Learning to draw up and give insulin takes practice. Families often start by doing "air" shots into a doll for practice. Next they practice drawing up sterile salt water (saline) and injecting each other. This helps family members realize that the shot is not very painful. Children below age 10 usually do not draw up insulin by themselves as they do not have the fine motor abilities and concern for accuracy. Your child will need your help.
There are now several brands of disposable insulin syringes with varying needle widths. Needle thickness is measured in gauges. A larger number means it has a thinner needle (for example, a 30 gauge needle is a thin needle). Needles also come in varying lengths. The standard length is 1/2 inch. Insulin syringes should have thin, short, sharp needles so they are easy to insert.
The amount of insulin a syringe will hold varies. Insulin is measured in units. Example of common syringes:
Syringes have markings on the side that measure the units. A 3/10cc syringe has a larger distance between the unit lines and is easier to use if you need to measure small doses. There are even some syringes that have markings for half units. If you do not want to throw away the syringe after each use, you can reuse it. However, the needle may get dulled from going through the rubber stopper on the insulin bottle over and over. A dull needle may cause more damage to your child's skin and tissues. There is also a possibility of infection when reusing syringes.
Your healthcare provider will show you how to draw the insulin into the syringe.
These are the steps:
Continue with steps 8 and 9 if you need to add an intermediate-acting insulin to the same syringe. If you want to have both hands free, you can leave the syringe stuck in the rapid-acting insulin bottle until you have mixed the intermediate-acting insulin.
One problem with insulin bottles is that a vacuum can develop which will draw the insulin in the syringe back into the bottle. To avoid this problem, you can do one of two things:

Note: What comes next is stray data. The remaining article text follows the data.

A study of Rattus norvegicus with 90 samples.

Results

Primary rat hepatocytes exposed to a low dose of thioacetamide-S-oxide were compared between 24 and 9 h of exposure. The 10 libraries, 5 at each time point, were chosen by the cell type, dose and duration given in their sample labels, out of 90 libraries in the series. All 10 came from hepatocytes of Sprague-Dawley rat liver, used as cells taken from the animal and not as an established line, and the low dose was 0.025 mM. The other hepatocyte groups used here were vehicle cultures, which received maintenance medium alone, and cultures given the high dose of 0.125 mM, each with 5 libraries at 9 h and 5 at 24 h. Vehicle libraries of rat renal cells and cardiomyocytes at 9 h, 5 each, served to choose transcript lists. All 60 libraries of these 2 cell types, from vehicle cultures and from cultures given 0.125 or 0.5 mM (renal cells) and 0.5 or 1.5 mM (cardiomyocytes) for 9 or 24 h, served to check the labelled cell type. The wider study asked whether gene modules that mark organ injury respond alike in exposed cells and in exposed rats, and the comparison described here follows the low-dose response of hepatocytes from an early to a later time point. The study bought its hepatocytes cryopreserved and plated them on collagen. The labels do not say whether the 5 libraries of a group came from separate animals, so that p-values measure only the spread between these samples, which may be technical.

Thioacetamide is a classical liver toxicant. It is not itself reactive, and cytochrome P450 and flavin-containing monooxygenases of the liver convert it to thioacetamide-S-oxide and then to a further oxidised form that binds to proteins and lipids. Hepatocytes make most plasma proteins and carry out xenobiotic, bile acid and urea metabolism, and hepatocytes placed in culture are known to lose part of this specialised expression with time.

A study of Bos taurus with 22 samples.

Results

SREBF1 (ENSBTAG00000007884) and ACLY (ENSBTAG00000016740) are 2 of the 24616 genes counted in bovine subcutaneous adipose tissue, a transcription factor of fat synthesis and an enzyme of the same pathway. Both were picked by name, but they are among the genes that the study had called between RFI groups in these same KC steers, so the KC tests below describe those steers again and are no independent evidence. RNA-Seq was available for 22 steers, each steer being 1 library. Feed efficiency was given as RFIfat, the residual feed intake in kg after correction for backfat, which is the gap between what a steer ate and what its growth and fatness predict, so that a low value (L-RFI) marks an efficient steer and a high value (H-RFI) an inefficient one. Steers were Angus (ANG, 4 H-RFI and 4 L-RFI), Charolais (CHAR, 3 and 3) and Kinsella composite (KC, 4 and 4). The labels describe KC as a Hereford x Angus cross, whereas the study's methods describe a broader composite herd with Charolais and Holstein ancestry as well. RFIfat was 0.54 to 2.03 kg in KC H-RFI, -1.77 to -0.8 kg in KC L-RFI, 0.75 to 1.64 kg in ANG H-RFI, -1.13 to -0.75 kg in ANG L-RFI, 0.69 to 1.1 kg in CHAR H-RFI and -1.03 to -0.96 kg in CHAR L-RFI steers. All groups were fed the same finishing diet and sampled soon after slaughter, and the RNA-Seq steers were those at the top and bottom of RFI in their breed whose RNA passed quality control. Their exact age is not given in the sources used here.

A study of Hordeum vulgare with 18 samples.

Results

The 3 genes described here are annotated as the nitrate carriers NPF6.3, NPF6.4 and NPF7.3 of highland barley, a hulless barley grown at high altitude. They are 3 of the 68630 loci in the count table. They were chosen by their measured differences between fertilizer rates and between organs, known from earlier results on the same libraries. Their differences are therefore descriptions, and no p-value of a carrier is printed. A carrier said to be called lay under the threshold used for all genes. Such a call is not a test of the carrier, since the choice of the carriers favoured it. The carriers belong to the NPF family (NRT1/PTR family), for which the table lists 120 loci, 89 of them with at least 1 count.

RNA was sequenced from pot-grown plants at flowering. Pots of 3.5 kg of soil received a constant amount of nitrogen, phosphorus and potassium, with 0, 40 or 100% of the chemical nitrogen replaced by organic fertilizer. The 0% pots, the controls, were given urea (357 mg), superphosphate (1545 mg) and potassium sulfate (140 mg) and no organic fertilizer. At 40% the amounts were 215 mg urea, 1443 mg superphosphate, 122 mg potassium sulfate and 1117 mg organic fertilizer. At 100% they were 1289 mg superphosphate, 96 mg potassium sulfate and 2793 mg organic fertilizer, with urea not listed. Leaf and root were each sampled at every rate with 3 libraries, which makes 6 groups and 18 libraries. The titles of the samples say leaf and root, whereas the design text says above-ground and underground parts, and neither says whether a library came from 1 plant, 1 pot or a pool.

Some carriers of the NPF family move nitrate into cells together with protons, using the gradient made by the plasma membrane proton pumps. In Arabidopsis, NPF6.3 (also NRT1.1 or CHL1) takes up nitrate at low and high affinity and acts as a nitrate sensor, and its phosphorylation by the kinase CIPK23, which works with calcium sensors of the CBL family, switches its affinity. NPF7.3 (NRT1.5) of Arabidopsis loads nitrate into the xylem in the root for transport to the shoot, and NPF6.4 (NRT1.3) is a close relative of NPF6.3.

Venting the bottles
To vent the bottles:
Pick one consistent day of the week to vent the bottles.
The rapid-acting insulins (Humalog, NovoLog, Apidra) peak in 90 to 100 minutes. The blood sugar from food peaks in 60 minutes. It is best to inject the insulin 15 to 30 minutes before eating, if the blood sugar is above 80 mg/dl (4.4 mmol/L). If the blood sugar is below that level, the insulin dose can be given right before or right after eating.
Insulin is injected into the fat layer beneath the skin. The best places to give insulin are the abdomen, arms, thighs, and buttocks. You should rotate injection sites. If your child doesn't like to have shots in one of these areas, then you should rotate the shots between the other areas and skip the area that bothers your child. Shots should not only be rotated from site to site but also within the site itself. For example, there might be 6 different places on the thigh that you can use. This way your child can have a shot in over 50 different spots, before having to have a shot in the same place again. For example, see injection rotation chart.
It is important to learn the proper technique. If you give the shot too close to the outer skin it can cause a lump, pain, or a red spot. If you give the shot too deep into the muscle it may be more painful and cause the insulin to be absorbed too quickly. You want to avoid injecting insulin into a large vein or artery. This is very unlikely if you are giving shots in the recommended areas. If you did inject insulin into a large vein or artery, the insulin would last only a matter of minutes rather than hours. Do not worry about accidentally injecting a bubble of air into your child (even into an artery or vein). It will not harm your child.
To inject the insulin:
Ideally, insulin should be stored in the refrigerator and warmed to room temperature before using. You can warm it up by holding your filled syringe between your hands for a minute or two. If you warm the insulin to room temperature, it is less likely to sting or cause red spots on the skin.
Some people store the bottles they are using at room temperature (except during very hot summer months). Research has shown that insulin stored at room temperature loses a small percentage of its potency every month. For most people, this small change will not make a difference. Watch your child's blood sugar levels carefully when the insulin bottle is almost empty. If the blood sugars start to be unusually high or low, the last bit of insulin should be thrown out.
Insulin will spoil if it gets above 90°F (32.2°C) or if it freezes. Insulin bottles (or pens) should not be left in a car in the hot summer or the cold winter.
Throw away insulin if:
The plastic syringes are recommended for one time use only. If you need to reuse the syringe, after giving the injection, push the plunger up and down to get rid of any insulin left in the needle. Wipe the needle off with an alcohol swab. Put the cap over the needle and store the syringe and needle in the refrigerator until ready for the next use.